The Mercury Comet has a strange place in American automotive history. Initially a sister to the Ford Falcon, Mercury transferred the name to its mid-sized series in 1966, but the advent of the Montego in 1968 pushed the Comet name into irrelevancy until Mercury applied the name to the sister of the Ford Maverick in 1971. This 1968 Mercury Comet for sale on ClassicCars.com by a dealer in Pennsylvania is a fine example of how the model was being squeezed out with the introduction of a fancier, newer name, and for that reason it is our Pick of the Day. (Click the link to view the listing)
Prior to 1968, the Comet series started with Comet 202, then went up to Comet Capri, Comet Caliente, and Cyclone and Cyclone GT. But when the Montego name was introduced in 1968, Mercury left its mid-size series with one Comet model, with the former Capri and Caliente models now renamed Montego and Montego MX, plus a fancier Montego MX Brougham added for good measure. (The Cyclone and Cyclone GT also continued for sporty car fans.) How did a model name go from three to one within a series? It’s not an unusual situation — the Fairlane, Belvedere, Tempest, F-85 and Special all got squeezed out over time too.
Only one Comet body style was available in 1968 through its 1969 swan song: a two-door hardtop that Mercury called a Sports Coupe. Only 16,693 were built for 1968, so they don’t come up for sale often because they were disposable cars, especially for the economy-minded.
In fact, speaking of economy, this Gulfstream Aqua 1968 Comet was originally equipped with the 200ci six with 115 horsepower but, somewhere along the way, the current owner installed a 390 and a Toploader four-speed manual to make for something more interesting — a Q-ship, if you will. “It has Comp Cams (0.490/0.494 lift with 218-degree duration @ 0.050 inches of lift),” says the seller. “The carburetor is an Edelbrock four-barrel and sports a factory aluminum intake. Power goes to the back taken by a Ford 28-spline, nine-inch 3.50 rear axle. Headers and Flowmasters are in for the big exhale.”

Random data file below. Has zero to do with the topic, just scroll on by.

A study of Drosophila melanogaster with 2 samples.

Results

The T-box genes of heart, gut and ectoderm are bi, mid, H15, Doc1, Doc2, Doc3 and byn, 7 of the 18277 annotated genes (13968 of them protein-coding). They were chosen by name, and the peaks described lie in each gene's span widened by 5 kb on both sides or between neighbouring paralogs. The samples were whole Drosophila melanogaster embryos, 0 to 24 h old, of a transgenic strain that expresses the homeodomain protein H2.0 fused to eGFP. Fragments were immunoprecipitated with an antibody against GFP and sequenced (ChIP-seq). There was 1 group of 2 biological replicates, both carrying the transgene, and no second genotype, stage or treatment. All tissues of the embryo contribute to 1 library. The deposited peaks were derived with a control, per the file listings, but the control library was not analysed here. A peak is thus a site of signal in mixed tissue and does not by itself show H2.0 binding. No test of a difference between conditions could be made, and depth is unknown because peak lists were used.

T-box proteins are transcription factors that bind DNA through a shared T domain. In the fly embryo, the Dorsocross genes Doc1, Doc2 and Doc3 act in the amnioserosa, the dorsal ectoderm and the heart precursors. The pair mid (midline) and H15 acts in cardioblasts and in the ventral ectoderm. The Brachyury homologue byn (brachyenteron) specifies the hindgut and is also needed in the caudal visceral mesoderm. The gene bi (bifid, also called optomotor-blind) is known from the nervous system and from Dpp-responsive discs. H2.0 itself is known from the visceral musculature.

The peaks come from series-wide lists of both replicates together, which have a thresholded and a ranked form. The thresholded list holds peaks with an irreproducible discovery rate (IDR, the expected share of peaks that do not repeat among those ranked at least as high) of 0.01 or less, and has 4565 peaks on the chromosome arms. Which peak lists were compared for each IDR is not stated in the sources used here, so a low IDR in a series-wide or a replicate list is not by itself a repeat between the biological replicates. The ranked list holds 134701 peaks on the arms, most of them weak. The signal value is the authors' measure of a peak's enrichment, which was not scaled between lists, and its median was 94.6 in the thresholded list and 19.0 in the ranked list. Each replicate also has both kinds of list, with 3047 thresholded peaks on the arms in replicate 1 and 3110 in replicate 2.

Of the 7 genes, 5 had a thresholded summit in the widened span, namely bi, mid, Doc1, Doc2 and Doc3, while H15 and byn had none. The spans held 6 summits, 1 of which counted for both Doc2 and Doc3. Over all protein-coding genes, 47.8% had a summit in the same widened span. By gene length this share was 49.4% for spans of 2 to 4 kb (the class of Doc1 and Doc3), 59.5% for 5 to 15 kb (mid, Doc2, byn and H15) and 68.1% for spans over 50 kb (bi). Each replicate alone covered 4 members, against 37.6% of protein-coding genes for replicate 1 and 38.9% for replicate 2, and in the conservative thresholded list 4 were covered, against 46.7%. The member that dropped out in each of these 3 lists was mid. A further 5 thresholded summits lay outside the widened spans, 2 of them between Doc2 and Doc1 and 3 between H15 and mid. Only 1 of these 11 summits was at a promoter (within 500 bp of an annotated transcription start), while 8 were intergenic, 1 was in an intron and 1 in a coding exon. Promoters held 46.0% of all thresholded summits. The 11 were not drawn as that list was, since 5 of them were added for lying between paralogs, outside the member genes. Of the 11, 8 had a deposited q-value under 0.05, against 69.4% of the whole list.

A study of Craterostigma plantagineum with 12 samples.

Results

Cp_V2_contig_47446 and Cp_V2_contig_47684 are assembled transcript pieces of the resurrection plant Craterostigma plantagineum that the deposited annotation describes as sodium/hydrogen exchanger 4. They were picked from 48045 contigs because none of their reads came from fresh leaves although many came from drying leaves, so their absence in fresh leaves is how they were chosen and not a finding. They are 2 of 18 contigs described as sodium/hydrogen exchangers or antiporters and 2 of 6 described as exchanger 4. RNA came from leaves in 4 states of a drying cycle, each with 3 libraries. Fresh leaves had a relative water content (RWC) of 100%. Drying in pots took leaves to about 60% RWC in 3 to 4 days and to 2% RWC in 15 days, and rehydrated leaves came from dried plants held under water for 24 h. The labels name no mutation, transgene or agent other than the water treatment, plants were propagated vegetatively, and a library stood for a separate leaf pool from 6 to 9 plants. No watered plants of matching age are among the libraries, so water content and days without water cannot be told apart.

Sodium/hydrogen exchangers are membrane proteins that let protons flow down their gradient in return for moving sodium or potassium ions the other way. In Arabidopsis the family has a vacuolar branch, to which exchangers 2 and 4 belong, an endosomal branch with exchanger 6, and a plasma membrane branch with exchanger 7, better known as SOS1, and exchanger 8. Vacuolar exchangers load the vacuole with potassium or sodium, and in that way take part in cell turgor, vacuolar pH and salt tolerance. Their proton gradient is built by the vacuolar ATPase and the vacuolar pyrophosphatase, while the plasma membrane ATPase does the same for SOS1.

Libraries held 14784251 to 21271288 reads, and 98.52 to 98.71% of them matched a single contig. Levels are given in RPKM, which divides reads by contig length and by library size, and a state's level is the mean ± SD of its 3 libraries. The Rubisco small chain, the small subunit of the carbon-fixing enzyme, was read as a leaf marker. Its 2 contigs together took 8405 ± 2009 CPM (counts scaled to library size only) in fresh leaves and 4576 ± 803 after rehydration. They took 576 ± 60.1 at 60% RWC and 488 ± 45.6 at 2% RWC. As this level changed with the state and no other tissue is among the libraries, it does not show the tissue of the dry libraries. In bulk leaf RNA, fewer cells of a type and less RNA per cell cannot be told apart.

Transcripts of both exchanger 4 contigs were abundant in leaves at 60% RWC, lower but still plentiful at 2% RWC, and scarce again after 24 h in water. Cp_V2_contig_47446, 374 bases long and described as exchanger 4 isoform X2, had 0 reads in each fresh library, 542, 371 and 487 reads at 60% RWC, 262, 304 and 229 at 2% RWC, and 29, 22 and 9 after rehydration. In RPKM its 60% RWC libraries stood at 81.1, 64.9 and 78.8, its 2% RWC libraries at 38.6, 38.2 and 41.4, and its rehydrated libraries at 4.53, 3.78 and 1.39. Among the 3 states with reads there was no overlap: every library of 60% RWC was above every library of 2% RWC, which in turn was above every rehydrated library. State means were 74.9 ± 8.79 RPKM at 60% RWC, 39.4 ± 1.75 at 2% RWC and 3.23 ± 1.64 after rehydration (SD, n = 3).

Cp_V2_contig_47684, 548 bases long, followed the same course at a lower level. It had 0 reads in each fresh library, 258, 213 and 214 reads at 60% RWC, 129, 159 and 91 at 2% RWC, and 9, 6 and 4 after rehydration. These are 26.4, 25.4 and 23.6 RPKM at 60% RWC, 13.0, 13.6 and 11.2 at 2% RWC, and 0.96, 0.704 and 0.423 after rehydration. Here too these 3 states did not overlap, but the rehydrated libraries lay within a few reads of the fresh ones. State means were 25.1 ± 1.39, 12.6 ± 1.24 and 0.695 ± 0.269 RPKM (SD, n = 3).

The seller indicates there “a touch of surface rust splattered about” in the undercarriage but, overall, the Comet is in fine condition, with “new mechanicals, brake lines, etc.” Four drum brakes handle the stopping chores, with “a slight pull to the left.” How does the Comet drive? “She fires right up and runs smoothly,” though the “suspension groans a bit when pushed.”
Inside, the front bench seat features a suede-like broadcloth upgrade while the rear seats maintain their factory vinyl. Considering this was the bottom-of-the-line mid-size Merc with a six, it may not be a surprise that there is no radio. But what kind of cheapo model has a simulated woodgrain dashboard?
The seller wants $34,900 for this Comet Sports Coupe. Is it worth that much to you? For less than the price of a similar Plymouth Road Runner, you can have Mercury class in a down-market coupe with smiles as close as your right foot.